Denise Haldeman doesn’t blame the bear that attacked her in the darkness outside her Lycoming County, PA, home May 12, injuring her and killing her dog.
“It wasn’t her fault,” Haldeman, 44, said Wednesday. “It was the mistakes I made. She was just being a mother.”
Officials say they believe the bear that injured Haldeman is the one they trapped outside Haldeman’s home last week. The bear and three cubs had been seen in the area in the days before the encounter. Haldeman said she should not have gone out after dark to bring in three bird feeders, and she should have had Panda, her 12-year-old half Labrador retriever-half Australian herd dog, on a leash.
Haldeman said she went outside shortly after 9 p.m. to get the feeders, and Panda “tore into the yard.” She thought he was chasing a neighbor’s dog that at times runs loose. The next thing Haldeman knew, a bear was standing on its hind legs clicking its teeth at her. She turned to flee into the house, and the bear hit her from behind, knocking her face down on the patio.
“I was lying on my stomach,” she said. “I was praying. The next thing I knew, the bear was standing on me, biting my head. I had a paw print bruise on the back of the leg.”
The bear left without injuring her further, she said. Her daughter Liz, 13, was in the family room, and “I yelled to her to go get daddy,” Haldeman said. Steve Haldeman was asleep, and by the time he got to the family room, Liz had let the dog into the house.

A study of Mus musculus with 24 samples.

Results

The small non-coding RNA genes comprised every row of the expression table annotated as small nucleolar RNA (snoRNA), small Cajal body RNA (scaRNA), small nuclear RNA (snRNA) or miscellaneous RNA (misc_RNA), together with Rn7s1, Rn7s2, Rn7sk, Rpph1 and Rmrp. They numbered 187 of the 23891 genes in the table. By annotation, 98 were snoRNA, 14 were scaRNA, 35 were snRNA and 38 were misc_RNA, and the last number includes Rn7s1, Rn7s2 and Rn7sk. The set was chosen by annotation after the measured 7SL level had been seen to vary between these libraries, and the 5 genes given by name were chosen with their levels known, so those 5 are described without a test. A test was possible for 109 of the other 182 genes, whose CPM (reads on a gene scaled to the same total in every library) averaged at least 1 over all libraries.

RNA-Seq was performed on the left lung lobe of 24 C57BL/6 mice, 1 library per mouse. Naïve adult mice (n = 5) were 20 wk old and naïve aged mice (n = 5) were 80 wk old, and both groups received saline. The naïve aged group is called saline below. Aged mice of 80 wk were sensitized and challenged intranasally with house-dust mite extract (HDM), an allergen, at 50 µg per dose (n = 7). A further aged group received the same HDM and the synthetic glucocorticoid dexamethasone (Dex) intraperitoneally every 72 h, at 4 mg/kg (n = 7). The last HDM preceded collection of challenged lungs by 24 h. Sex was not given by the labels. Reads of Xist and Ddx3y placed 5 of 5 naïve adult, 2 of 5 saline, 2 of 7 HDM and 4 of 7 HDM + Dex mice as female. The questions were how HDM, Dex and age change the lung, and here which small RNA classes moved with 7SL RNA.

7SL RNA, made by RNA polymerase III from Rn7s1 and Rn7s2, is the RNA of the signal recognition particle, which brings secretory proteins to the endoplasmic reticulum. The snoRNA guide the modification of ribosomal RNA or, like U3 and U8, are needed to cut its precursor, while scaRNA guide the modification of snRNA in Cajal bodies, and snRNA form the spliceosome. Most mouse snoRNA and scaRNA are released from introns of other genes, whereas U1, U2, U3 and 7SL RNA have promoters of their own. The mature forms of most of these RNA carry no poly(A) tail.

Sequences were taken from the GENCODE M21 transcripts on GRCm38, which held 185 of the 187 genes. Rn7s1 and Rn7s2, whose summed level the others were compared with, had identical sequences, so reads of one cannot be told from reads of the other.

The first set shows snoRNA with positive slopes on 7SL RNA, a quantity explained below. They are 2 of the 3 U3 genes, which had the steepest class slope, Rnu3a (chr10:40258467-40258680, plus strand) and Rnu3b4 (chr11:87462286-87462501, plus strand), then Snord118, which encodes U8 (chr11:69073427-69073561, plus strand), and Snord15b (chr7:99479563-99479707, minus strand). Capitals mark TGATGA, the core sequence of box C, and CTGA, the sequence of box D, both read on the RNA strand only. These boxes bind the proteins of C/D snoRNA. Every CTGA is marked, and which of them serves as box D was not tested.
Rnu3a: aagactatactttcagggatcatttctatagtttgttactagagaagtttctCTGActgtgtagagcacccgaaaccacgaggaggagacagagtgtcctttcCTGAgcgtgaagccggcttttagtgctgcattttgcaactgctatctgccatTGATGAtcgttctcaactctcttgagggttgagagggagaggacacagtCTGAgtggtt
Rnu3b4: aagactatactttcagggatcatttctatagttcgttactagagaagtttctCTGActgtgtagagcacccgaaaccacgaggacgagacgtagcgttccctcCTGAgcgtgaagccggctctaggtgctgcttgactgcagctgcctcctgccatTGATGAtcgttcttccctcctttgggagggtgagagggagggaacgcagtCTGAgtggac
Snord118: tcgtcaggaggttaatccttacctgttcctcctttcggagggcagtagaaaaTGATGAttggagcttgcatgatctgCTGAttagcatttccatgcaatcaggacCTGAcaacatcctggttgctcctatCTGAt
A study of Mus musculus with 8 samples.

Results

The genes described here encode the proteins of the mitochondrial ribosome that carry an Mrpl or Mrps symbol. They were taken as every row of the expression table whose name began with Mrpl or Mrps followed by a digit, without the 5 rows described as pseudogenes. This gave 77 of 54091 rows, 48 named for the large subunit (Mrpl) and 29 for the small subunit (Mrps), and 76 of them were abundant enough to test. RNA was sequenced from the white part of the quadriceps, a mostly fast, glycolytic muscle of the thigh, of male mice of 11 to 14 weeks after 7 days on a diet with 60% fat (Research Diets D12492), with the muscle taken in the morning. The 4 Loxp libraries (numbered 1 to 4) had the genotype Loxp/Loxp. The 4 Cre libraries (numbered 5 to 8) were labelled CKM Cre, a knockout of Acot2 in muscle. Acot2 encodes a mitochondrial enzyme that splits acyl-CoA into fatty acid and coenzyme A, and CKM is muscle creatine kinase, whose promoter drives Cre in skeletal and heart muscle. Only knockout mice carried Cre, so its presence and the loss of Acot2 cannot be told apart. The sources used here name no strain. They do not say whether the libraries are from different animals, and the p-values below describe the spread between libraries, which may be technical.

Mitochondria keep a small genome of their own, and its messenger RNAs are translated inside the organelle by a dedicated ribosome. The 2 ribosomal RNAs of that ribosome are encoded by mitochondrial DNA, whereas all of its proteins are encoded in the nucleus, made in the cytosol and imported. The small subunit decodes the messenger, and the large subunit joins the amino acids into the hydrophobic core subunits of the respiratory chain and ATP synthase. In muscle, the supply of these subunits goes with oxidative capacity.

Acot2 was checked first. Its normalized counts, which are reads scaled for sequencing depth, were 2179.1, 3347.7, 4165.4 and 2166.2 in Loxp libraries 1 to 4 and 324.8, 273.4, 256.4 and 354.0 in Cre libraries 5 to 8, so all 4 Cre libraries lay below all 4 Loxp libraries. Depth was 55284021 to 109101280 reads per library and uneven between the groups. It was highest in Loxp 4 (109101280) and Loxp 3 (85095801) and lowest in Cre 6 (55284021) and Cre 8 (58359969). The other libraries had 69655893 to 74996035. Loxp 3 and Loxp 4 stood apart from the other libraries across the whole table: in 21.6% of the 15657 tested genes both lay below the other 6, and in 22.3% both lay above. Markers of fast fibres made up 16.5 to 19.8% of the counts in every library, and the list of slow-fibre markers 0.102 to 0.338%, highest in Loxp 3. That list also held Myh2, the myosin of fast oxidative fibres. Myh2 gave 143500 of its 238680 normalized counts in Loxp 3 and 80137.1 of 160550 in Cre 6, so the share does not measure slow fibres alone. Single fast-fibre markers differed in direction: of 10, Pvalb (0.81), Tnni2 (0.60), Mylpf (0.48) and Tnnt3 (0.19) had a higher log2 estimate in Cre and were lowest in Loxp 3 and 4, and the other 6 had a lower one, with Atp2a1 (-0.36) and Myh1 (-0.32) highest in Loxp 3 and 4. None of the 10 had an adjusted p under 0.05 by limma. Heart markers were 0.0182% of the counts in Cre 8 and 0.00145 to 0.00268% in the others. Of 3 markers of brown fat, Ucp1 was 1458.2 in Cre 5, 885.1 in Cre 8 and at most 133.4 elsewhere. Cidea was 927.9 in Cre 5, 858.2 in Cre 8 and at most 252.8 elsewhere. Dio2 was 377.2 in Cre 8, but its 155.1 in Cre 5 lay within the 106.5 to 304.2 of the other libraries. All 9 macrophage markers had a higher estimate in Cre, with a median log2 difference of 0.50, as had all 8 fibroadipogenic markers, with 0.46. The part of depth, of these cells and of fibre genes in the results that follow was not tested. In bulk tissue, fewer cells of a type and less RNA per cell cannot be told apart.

Steve Haldeman did not realize his wife was injured until he called to her and asked why she did not come in to help him with the dog, she said.
The dog could not be saved due to the severity of its injuries. Haldeman was taken to Williamsport Hospital with head, face, arm and leg injuries, but against the advice of medical personnel chose to go home after being treated in the emergency room. She is recovering from her wounds, but has returned to her part-time job at a doctor’s office. Her hair now is short because cutting it was the easiest way to treat her head wound.
After the attack, the state Game Commission put a trap in the yard to try to catch the sow that had been seen in the area. Haldeman said she had not slept well after the attack, and she heard the trap shut early May 21. She woke her husband, but they did not go out in the dark and the bear’s capture was not confirmed until daylight.
The trap is not designed to harm the bear; it essentially is a large cylinder that is baited to attract the animal. When it enters, the door closes, trapping it inside. While waiting for wildlife officers to arrive, Haldeman watched three cubs come down from a tree and play in the yard near the trap.
“It was amazing to watch,” she said. An officer later had to shake the cubs down from a tree. Haldeman said she touched the mother bear after it was tranquilized, and “it was so healing.” The Game Commission relocated the bears to the Elk-McKean counties area.
Haldeman said the incident has not deterred her from feeding the birds, although experts say it is not necessary at this time of year. But she now brings in the feeders before dark, she said.